The state’s beleaguered Department of Revenue — already reeling this year after failing to deliver timely child-support payments and a data breach of sensitive businesses tax information — announced Wednesday that the personal information of thousands of people who pay child support was inadvertently sent to companies that do not employ them.
Officials in the administration of Governor Charlie Baker said the faulty mailings mean the private data — including Social Security numbers — of about 6,100 people who owe child support were sent to the wrong addresses.
“Late last week, DOR was alerted by several businesses that they had received notices by mail containing personal information of individuals with child support obligations who were not their employees,” Nathalie Dailida, a spokeswoman for the department, said in a statement.
She said the errant mailings were the result of a coding error by Accenture, the company that designed and developed the state’s $91.8 million child-support system, COMETS HD. The system, which went live at the beginning of the year, has been connected to other problems.
“Accenture takes data security very seriously and takes responsibility for these coding errors within the COMETS HD system,” said spokeswoman Deirdre Blackwood. “We are working closely with the Massachusetts Department of Revenue to resolve the situation and we will provide credit monitoring service for all affected individuals.”
The system is the result of a contract signed in 2012, before Baker took office. The federal government is paying for about two-thirds of it.
Dailida, the DOR spokeswoman, said she has no reason to believe the information sent to the wrong addresses will be used inappropriately.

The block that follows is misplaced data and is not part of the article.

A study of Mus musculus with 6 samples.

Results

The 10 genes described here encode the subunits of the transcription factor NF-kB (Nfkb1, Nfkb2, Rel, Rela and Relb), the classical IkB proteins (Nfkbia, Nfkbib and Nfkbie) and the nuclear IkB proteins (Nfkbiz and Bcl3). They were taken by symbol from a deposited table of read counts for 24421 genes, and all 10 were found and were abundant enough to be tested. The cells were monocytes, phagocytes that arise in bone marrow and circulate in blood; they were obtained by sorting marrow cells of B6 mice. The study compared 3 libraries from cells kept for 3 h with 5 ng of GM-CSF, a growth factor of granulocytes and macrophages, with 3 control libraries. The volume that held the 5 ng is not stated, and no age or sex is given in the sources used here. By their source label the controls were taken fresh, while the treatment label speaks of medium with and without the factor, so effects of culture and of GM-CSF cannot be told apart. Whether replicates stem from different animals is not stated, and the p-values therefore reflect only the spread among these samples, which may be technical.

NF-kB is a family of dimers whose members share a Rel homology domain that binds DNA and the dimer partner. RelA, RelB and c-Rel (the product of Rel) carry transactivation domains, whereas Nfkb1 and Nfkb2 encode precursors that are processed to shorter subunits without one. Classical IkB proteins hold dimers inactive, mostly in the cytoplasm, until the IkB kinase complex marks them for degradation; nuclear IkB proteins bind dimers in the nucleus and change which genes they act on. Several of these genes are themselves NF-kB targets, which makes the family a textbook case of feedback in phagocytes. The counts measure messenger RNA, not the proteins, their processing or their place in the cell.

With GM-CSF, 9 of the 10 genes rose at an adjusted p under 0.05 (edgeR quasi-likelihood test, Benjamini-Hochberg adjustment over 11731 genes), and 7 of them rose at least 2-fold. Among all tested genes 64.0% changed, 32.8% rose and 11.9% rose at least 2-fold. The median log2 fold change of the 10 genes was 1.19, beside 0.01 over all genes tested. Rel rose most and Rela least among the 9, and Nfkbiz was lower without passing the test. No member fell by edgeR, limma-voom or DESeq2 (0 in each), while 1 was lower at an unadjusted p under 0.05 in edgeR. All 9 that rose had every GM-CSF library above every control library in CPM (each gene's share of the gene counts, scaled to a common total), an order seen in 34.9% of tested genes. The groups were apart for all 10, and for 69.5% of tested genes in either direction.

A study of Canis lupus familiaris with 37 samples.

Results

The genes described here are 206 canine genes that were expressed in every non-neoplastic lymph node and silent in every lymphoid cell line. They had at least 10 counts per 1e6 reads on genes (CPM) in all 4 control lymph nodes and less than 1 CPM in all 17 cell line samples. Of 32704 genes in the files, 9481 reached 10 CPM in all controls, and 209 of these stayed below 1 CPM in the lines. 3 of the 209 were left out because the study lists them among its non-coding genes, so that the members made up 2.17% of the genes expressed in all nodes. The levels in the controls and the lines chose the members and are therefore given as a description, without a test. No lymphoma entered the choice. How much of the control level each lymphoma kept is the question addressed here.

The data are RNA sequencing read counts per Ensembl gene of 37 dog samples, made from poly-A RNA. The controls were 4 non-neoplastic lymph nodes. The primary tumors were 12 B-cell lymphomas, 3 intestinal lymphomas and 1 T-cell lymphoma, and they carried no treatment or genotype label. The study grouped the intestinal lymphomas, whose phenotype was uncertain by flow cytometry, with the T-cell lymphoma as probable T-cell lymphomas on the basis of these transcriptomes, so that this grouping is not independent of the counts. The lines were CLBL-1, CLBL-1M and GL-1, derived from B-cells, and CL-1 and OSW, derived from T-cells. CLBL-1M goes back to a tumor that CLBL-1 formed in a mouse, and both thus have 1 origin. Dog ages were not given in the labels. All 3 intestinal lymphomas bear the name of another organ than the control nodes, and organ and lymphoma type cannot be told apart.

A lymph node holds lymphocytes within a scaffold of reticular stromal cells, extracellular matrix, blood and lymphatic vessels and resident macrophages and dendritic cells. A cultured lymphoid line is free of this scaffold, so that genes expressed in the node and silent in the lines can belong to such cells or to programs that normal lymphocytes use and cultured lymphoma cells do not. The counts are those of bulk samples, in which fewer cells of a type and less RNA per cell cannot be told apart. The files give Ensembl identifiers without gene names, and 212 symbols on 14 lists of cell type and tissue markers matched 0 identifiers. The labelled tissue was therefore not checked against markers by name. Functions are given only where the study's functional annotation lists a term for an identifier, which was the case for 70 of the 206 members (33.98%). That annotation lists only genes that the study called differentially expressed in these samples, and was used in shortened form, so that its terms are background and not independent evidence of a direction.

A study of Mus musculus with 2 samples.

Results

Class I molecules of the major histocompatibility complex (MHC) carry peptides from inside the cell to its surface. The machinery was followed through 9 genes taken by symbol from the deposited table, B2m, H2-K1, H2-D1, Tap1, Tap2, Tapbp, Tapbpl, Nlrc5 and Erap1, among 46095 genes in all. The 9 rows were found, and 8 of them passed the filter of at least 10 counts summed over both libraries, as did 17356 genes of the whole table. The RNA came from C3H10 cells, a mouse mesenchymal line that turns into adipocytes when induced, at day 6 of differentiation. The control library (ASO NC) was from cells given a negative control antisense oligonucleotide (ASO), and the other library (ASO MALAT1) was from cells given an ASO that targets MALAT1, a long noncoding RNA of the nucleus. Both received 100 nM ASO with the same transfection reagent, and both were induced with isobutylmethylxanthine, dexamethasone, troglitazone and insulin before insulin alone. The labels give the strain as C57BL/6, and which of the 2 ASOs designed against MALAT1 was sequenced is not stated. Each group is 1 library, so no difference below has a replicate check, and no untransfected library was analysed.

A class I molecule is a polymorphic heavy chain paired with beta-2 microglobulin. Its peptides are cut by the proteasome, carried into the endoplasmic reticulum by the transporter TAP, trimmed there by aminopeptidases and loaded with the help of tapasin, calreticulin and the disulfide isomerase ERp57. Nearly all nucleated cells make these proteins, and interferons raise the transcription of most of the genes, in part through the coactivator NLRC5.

In fact, she continued, “DOR continues to receive significant numbers of returned unopened envelopes from employers and the United States Post Office.”
Here’s what happened in hundreds of cases:
The Department of Revenue meant to send Company X in Boston a notice that the wages of employee John Doe needed to be garnished for child support. Instead, the agency sent that notice — with Doe’s name, Social Security number, and other personal information — to Company Y in Springfield.
The faulty mailings triggered a requirement under the state’s security breach law, and the administration is notifying the people affected, as well as several state agencies, including the office of the attorney general, Baker administration officials said.
A spokeswoman for Attorney General Maura Healey said her office received a notice Wednesday and was reviewing it.
Administration officials caution that an audit of the problem is ongoing, and the number of people affected could change. But, they said, the address troubles should not affect whether custodial parents receive the child support they are owed.
Some noncustodial parents pay child support directly to the mothers or fathers who have custody of the children.
Others pay through the Department of Revenue, which takes some of the noncustodial parent’s wages from their employer and then sends it to the parent with custody of the children. This year alone, the state has distributed more than $160 million in child-support payments to parents.
Officials said the notices errantly mailed in recent weeks were meant to provide instructions for employers regarding withholding amounts for child-support orders.
The revelation of the new troubles at the DOR follows several other agency missteps.
A data breach that made private information from about 39,000 business taxpayers visible to other companies, potentially including competitors, lasted from early August through Jan. 23, the agency has said.
Earlier this year, revenue officials acknowledged they had been alerted to the business data breach months before fixing the problem, a shift from their initial claim that the issue was fixed hours after it was discovered.
And the agency acknowledged in March that it had failed to deliver timely child support payments to about 1,500 parents since the beginning of the year.
Baker, a Republican, faces a reelection fight this fall. He is poised to campaign heavily on his careful stewardship of state agencies, among other issues.
The campaign of one of his Democratic opponents, former Newton mayor Setti Warren, was already making hay of the new disclosure Wednesday afternoon.
“As terrible as this incident already sounds,” said campaign spokesman Kevin Franck, “we should all remember that the Baker administration’s first responses to reports like this have often been the least truthful and least complete. This could end up being even worse than we are hearing today.”